I was a teenager. I sang in the choir for the Protestant church services on Air Force bases. Most services were non-denominational, and a few were Lutheran. I was there mostly for the singing and for social reasons but I was a Christian. My mother was a generic Christian, a sort of non-denominational granddaughter of two Methodist ministers. My father was an atheist, though I did not know that at the time. I never got any sense that he opposed the Sunday schools when I was young or the choir in my teens. I think he expected me to figure it out for myself.
George Carlin once said about religion “I tried, folks. I really did.” So did I. I wanted it. I wanted what all those people around me had, that sense of the presence of God, a real relationship with God. I prayed frequently for God to fill me with what the others described as the Holy Ghost. It never happened.
It was the weekly attendance at church with the choir, which went on for about 2 years, that put the first crack in my belief. One day I realized, after reading the Sermon on the Mount, that I rarely heard a preacher quote Jesus. We got a lot of Paul, and sometimes a bit of the other letters. We got the Old Testament. At Christmas and Easter we got a lot of stories about Jesus. But we very rarely got what Jesus actually said. As a joke I told a friend that they weren’t Christians, they were Paulists. But I couldn’t figure out why they spent so little time quoting Jesus.
We had a great Youth Pastor. I think he really was a nice guy, though of course, these days we have a tendency to look askance at them because of how many of them end up molesting children. He honestly tried to answer my questions, which were becoming more and more frequent. But he really couldn’t. It all came down to “You have to have faith,” a very unsatisfactory answer.
Then I re-read Stranger in a Strange Land. I’d read it shortly after it was published when I was 11 and approximately 70 percent of it went right over my head (my parents had no idea at the time what the book was like, as Heinlein’s previous books were aimed at children), but this time I was old enough to actually understand most of it. I was just barely 16. Heinlein’s cynicism, his contempt for religious leaders, and his failure to accept the norms I had been taught were a revelation. But the most important thing in the book, at least as far as my religious faith was concerned, was a passage in which he described what happened to Lot’s daughters. His character then said, “That’s not the only surprise in store for any one who actually reads the Bible.”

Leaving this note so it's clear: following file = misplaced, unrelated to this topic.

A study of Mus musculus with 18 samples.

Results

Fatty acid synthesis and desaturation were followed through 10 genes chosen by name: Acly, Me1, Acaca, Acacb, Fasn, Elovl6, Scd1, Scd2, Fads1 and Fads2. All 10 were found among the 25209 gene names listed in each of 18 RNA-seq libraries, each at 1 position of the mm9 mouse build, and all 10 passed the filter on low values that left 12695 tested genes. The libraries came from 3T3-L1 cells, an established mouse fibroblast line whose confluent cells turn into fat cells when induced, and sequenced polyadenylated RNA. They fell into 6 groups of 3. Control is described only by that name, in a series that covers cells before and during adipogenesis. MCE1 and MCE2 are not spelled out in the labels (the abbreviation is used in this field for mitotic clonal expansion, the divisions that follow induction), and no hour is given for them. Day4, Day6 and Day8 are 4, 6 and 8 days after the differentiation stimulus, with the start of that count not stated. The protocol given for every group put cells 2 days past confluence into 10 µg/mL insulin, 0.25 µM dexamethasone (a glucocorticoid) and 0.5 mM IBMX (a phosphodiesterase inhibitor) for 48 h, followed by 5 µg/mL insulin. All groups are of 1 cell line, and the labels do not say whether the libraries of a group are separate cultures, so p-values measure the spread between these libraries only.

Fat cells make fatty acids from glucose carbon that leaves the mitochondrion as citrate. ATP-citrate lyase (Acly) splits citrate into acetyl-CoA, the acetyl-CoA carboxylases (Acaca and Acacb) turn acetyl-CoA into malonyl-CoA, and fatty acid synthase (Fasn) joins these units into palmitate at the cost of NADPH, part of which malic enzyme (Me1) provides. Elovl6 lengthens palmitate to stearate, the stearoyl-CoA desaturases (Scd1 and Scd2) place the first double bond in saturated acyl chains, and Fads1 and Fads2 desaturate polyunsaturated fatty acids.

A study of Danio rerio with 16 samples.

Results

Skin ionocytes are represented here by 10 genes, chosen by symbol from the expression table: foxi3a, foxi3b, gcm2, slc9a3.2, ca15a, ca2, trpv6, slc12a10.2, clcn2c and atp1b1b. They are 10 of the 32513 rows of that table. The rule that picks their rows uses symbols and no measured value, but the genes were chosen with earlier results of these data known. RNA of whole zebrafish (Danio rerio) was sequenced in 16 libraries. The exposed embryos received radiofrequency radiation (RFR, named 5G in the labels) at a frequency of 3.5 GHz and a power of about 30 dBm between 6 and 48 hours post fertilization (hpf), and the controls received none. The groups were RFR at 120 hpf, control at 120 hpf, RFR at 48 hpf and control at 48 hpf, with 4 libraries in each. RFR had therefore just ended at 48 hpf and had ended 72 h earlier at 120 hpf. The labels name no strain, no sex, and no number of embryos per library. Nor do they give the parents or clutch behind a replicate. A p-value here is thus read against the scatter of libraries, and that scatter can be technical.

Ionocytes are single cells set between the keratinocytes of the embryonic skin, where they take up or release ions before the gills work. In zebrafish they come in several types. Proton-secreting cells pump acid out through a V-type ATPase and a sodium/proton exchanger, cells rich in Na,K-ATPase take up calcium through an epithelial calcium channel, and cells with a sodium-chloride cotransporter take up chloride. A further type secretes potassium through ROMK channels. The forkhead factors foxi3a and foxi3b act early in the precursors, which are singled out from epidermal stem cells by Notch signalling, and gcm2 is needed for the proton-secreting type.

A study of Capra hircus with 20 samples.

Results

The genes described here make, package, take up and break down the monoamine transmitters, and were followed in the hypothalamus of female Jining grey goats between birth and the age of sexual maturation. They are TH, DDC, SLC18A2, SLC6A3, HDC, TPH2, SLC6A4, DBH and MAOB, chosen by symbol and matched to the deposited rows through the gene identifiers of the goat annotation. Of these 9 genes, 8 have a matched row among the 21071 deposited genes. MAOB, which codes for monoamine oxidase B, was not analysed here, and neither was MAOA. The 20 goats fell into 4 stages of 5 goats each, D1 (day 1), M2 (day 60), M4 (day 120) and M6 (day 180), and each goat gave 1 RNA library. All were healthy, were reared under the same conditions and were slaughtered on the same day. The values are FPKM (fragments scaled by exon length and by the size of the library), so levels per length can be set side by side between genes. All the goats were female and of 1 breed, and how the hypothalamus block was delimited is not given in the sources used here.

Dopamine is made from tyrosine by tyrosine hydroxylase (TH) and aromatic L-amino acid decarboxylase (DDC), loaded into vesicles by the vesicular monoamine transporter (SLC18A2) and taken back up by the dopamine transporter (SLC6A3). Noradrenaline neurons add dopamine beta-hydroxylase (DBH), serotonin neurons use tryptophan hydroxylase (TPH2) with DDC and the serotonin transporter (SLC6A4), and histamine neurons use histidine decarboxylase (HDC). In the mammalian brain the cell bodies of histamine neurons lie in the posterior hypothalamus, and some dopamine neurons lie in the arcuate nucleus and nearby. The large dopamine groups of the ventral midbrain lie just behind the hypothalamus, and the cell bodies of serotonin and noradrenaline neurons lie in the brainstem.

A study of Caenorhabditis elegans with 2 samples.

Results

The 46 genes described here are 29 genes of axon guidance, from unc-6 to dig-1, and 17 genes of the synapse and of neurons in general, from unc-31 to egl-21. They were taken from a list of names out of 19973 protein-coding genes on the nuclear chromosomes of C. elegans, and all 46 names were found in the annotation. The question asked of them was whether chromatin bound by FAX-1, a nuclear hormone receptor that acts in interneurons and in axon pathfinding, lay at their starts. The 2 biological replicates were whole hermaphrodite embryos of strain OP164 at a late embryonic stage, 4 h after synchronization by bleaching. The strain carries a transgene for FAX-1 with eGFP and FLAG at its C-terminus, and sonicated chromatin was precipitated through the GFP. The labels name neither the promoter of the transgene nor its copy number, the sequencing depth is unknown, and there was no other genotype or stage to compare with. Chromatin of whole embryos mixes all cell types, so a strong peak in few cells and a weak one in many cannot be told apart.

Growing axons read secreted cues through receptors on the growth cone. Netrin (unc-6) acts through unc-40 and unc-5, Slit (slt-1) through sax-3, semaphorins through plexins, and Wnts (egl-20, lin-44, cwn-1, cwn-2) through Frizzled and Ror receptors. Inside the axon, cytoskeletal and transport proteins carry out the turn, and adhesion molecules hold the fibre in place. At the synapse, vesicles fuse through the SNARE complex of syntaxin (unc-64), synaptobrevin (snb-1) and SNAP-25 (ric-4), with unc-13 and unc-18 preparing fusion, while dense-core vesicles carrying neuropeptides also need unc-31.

I took him up on his implied challenge. I read the Bible, starting at Genesis 1:1 and continuing all the way through, page by page. I admit I skimmed over the begats and I just never could quite finish Revelations. It was just too weird to me. It made no sense at all to a 16 year old in the mid-1960s, before everything got all psychedelic. But I read everything else.
Then I thought about it. I thought about all the Bible stories that I’d never heard of, and with damned good reason. I thought about God the Father who will send his children to hell. He will do this even to those who had never really hurt anyone in their entire lives, while murderers and rapists went to heaven if they just confessed their sins and repented. I knew my Daddy could never send me to hell, no matter what I did. I thought about the injustice of God punishing us for being who he made us to be. I thought about the genocide of peoples whose only real crime was being on the wrong land at the wrong time and all the other crimes authorized by God.
After about 3 weeks, I told my mother. “I don’t believe it. It doesn’t make sense.”
She just shrugged and said, “Don’t worry, you’ll figure it out eventually.” Actually she figured it out. She is an atheist today.
My reasons for being an atheist have become more sophisticated over time, but it began as an overpowering sense of the unfairness inherent in the Christian doctrine. A measure of my lack of sophistication at the time is that it never occurred to me that maybe another religion was the right one, which is fortunate in way, as it saved me a lot of time searching through other beliefs.
These days I tend to concentrate on the lack of evidence for a supernatural being, and the utter lack of evidence that becoming a “good” Christian, or indeed, any other religion, makes you a more moral person. But my atheism is still grounded on that sense of unfairness.